Zach Vogel was looking for something to do last summer, between his first and second years at the UMKC School of Dentistry, when he got an email about a research program. He seized the opportunity and, besides his resulting research findings, discovered that he really enjoys research.
“I like the logical way that research addresses the unknown and goes about figuring out how to solve a problem,” he said. “It was my first extensive research experience, and if the opportunity presents itself, I would do more research.”
Vogel was one of eight School of Dentistry students presenting posters Wednesday at the UMKC Health Sciences Research Summit. The 100-entrant event also drew students from biological sciences, computing and engineering, medicine, nursing and pharmacy.
Vogel’s research involved using grape-seed extract to improve the bonding of composite fillings. Specifically, he studied whether the extract is less effective if a tooth’s dentin is less than ideal. He said his research found that the quality of dentin didn’t affect the bonding.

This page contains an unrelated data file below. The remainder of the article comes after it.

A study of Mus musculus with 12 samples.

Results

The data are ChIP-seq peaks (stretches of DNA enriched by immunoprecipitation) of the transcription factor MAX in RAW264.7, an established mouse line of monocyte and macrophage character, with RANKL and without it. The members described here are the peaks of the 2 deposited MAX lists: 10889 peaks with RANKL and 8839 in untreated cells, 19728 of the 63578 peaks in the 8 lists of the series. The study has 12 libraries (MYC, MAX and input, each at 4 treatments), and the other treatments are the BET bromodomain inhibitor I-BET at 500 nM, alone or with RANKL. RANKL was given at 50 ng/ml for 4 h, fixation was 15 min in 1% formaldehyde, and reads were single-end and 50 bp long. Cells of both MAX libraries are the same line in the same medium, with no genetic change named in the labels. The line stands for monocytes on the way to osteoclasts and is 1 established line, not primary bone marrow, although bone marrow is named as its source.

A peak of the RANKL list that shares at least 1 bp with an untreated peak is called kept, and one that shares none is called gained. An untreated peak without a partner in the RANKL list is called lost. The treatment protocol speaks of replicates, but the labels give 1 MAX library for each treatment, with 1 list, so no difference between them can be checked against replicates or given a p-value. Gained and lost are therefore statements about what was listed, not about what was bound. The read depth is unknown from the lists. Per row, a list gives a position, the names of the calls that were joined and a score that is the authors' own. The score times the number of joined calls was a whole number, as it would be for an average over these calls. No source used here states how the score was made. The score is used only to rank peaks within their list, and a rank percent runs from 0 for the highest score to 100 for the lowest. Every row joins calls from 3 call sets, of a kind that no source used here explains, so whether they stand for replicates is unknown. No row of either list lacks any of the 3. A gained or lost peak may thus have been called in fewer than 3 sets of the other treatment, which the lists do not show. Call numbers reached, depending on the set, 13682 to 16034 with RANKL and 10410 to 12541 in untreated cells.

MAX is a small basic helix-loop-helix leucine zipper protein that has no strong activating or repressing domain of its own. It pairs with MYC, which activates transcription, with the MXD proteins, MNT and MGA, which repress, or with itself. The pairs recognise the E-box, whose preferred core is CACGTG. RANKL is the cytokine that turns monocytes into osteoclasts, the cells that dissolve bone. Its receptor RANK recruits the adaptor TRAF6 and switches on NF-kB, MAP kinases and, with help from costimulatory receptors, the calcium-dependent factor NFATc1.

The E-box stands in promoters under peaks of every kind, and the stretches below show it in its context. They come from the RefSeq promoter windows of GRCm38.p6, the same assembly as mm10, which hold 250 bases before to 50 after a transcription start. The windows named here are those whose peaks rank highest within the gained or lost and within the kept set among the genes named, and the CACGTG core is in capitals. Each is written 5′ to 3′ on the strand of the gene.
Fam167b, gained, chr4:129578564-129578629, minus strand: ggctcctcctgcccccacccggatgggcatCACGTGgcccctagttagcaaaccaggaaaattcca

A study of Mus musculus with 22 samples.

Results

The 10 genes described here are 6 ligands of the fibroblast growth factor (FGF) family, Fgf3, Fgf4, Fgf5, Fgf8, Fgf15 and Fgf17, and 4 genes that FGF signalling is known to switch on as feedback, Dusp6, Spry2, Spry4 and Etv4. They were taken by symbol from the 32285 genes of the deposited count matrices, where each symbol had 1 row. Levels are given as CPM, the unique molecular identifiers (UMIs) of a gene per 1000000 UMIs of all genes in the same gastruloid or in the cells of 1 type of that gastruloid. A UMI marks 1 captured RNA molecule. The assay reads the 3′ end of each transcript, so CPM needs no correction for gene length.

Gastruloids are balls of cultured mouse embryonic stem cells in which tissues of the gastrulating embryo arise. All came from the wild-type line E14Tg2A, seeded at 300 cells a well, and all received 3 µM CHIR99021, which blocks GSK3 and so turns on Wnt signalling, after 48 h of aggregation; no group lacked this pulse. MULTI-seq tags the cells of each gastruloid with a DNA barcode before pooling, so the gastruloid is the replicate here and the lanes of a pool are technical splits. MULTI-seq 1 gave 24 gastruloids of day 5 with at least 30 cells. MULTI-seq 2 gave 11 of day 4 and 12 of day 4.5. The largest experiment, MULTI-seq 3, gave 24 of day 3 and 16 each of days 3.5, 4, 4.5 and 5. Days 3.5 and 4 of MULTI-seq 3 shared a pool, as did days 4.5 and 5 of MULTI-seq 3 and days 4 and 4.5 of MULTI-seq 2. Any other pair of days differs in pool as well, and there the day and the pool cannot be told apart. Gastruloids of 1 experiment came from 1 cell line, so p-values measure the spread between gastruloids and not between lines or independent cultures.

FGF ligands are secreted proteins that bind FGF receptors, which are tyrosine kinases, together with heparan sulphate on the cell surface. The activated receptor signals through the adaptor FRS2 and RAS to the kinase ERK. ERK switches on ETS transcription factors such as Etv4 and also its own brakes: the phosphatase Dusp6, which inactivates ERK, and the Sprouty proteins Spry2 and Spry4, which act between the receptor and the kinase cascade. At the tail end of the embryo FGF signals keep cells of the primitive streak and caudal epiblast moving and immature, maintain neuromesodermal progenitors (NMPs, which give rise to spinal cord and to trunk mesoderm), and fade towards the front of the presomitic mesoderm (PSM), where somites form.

Some other students’ topics were similarly clinical, ranging from intracellular signaling for muscle-bone crosstalk to stem cells’ regulation of jaw length. Others addressed various aspects of dental education, from research requirements for dental hygiene students to the effects of community service.
Besides Vogel, the school’s Student Research Summit presenters were Karen Davis, Nathan Haverkamp, Elizabeth Lukens, Jaime Masunaga, Bryson Nakatani, Brianne Schmiegelow and Megan Yamaguchi. Mary Walker, DDS, PhD, the School of Dentistry’s associate dean of research and graduate programs, was the primary research mentor.
In addition to the student summit at UMKC, a half-dozen students from the summer research program will present their findings at the International Association for Dental Research meeting in Vancouver in June. Walker said Vogel’s poster also was chosen to represent the School of Dentistry in the association’s student research competition.
Vogel said he had multiple mentors for his research, “and they all were helpful in their own ways. A big part of my project’s success was the help I had.”